The three-story brass railing, imitating a music note along with a dazzling curved staircase extending from the basement to the second floor, was brought into Bemidji on a flatbed truck, hoisted up by a crane and dropped into the place of what is now known as the David Park House.

David Park House.jpg
The all-concrete David Park House was built in 1937 by a young architect named Edward Mahlum, an employee of a Fergus Falls architectural firm.
Maggi Fellerman / Bemidji Pioneer

The three-story brass railing, imitating a music note along with a dazzling curved staircase extending from the basement to the second floor, was brought into Bemidji on a flatbed truck, hoisted up by a crane and dropped into the place of what is now known as the David Park House.

The all-concrete house, located at 1501 Birchmont Drive NE, was built in 1937 by a young architect named Edward Mahlum, an employee of a Fergus Falls architectural firm.

Before the construction, Park attended the Chicago World's Fair, which showcased several demonstration homes and perhaps he was inspired by what he saw, but exactly why Park wanted the house constructed in this manner is unknown.

David Park Sign.jpg
The David Park House, built in 1937, is now home to the Bemidji State University Foundation and Alumni Association.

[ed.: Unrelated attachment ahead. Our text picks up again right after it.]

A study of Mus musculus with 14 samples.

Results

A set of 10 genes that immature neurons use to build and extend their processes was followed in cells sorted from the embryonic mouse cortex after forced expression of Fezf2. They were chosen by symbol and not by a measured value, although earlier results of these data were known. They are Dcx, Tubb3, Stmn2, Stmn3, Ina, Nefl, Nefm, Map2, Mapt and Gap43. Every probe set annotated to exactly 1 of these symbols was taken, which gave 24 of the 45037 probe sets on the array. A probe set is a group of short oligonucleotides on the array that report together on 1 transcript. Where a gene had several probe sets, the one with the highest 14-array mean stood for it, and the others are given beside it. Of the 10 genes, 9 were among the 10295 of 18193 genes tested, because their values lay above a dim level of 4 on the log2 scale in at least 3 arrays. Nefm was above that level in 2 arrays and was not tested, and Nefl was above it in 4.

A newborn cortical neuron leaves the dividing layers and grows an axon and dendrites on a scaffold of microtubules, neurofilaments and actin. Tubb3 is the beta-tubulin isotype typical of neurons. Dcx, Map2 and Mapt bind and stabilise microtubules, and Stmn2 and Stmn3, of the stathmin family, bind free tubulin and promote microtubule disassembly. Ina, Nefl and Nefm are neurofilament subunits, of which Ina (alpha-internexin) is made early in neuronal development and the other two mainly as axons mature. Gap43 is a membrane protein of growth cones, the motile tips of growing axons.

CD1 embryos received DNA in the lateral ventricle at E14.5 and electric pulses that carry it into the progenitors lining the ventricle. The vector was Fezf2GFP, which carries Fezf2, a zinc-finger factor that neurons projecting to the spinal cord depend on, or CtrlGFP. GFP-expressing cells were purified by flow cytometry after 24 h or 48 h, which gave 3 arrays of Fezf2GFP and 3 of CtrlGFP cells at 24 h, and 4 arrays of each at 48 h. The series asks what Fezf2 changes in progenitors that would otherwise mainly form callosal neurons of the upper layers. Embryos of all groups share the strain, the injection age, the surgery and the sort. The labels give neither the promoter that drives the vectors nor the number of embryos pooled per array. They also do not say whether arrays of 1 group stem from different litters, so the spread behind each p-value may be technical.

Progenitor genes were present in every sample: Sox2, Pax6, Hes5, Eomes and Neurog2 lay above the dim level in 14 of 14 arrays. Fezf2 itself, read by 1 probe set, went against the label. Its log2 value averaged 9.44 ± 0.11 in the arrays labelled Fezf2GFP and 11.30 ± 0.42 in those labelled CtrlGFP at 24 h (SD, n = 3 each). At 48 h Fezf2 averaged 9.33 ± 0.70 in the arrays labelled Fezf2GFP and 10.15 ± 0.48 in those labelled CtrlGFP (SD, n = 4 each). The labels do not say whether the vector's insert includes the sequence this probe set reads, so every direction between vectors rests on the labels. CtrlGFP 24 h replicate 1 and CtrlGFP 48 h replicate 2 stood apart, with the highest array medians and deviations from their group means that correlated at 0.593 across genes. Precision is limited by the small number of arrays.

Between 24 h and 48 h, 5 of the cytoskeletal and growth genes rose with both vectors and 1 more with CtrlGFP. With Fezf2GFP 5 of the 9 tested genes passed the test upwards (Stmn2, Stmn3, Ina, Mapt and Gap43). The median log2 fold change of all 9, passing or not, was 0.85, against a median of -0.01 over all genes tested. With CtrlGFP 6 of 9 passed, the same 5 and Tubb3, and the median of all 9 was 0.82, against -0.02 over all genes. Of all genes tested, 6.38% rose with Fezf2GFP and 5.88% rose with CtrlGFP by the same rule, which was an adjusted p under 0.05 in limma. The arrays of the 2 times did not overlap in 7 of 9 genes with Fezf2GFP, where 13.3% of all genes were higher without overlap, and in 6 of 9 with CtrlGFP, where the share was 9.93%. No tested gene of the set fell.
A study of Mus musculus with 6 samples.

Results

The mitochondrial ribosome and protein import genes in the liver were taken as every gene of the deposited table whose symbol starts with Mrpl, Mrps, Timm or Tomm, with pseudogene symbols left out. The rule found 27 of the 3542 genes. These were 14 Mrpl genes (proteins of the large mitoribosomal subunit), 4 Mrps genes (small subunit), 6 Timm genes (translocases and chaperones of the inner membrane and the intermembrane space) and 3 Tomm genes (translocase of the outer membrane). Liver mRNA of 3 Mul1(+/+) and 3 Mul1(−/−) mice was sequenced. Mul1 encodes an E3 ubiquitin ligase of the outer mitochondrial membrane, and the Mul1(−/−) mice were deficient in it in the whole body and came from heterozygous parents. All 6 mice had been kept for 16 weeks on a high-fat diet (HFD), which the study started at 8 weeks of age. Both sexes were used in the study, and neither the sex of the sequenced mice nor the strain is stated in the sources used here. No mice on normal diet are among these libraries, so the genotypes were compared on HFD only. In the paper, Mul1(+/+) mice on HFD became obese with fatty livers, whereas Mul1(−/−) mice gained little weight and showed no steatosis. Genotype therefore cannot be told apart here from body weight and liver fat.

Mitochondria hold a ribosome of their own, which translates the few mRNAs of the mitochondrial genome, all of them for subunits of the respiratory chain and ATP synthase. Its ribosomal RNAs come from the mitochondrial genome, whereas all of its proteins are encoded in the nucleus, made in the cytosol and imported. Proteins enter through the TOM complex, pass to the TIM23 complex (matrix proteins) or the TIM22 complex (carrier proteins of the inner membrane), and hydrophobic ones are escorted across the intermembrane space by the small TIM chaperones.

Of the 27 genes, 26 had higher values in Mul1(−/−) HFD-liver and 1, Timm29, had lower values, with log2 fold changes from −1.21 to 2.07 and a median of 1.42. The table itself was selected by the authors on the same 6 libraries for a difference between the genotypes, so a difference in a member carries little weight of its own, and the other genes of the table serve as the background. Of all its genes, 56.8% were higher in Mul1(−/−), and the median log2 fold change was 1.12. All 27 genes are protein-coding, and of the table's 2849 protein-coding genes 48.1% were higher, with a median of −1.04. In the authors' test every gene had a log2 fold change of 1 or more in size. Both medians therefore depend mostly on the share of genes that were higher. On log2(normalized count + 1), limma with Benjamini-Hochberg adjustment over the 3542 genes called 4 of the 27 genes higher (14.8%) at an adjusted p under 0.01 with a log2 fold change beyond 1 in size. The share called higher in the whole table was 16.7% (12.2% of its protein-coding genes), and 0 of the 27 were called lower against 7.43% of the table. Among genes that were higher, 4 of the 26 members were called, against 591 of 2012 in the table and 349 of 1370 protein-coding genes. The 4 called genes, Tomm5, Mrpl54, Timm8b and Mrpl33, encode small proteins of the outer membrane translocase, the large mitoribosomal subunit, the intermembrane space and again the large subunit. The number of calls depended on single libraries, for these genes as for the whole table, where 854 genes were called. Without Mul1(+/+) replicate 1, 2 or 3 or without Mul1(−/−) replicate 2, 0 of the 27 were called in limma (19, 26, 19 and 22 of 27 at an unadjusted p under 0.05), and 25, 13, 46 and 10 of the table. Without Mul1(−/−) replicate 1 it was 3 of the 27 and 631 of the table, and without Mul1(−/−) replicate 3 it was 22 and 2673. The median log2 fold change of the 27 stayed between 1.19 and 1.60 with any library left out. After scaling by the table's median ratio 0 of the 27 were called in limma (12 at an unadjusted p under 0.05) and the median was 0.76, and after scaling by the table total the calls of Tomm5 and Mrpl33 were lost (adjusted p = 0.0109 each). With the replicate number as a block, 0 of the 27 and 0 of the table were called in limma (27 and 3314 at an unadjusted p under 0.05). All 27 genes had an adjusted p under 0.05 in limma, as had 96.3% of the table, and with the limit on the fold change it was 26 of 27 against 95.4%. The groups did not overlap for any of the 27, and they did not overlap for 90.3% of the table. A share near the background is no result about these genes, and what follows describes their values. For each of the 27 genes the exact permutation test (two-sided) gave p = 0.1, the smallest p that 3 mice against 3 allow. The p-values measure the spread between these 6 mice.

Maggi Fellerman / Bemidji Pioneer

About 10 years before constructing the house, Park purchased the Koors Brothers Creamery in 1926 and converted it to the David Park Creamery, providing ice cream and other dairy products for decades in Bemidji and becoming one of the largest in the area.


Park and Edna moved into the streamline modern-style home with their three children in late 1937. Edna had only a few short years in the home before she died of cancer in 1941. Park then married his second wife, Wanda Hartman Batchelder, in 1944 and had another daughter.

Park was proud of his unique home, and according to his daughters, Margaret and Mary, he would invite guests to tour the home — even if the children were asleep in their rooms.

One of his most famous guests was Eleanor Roosevelt, wife of President Franklin Delano Roosevelt.

David Park and Eleanor Roosevelt.jpg
A photo of David Park welcoming Eleanor Roosevelt to Bemidji hangs on a wall of the David Park House.
Maggi Fellerman / Bemidji Pioneer

Park continued to live in his home until he died in 1977. Wanda Park then deeded the house to the Bemidji State University Foundation.

Since 1992, the David Park House has served as offices for the BSU Alumni and Foundation and has hosted many university-sponsored luncheons, dinners and receptions.

Maggi is a reporter at the Bemidji Pioneer focusing on outdoor and human interest stories. Raised in Aitkin, Minnesota, Maggi is a graduate of Bemidji State University's class of 2022 with a degree in Mass Communication.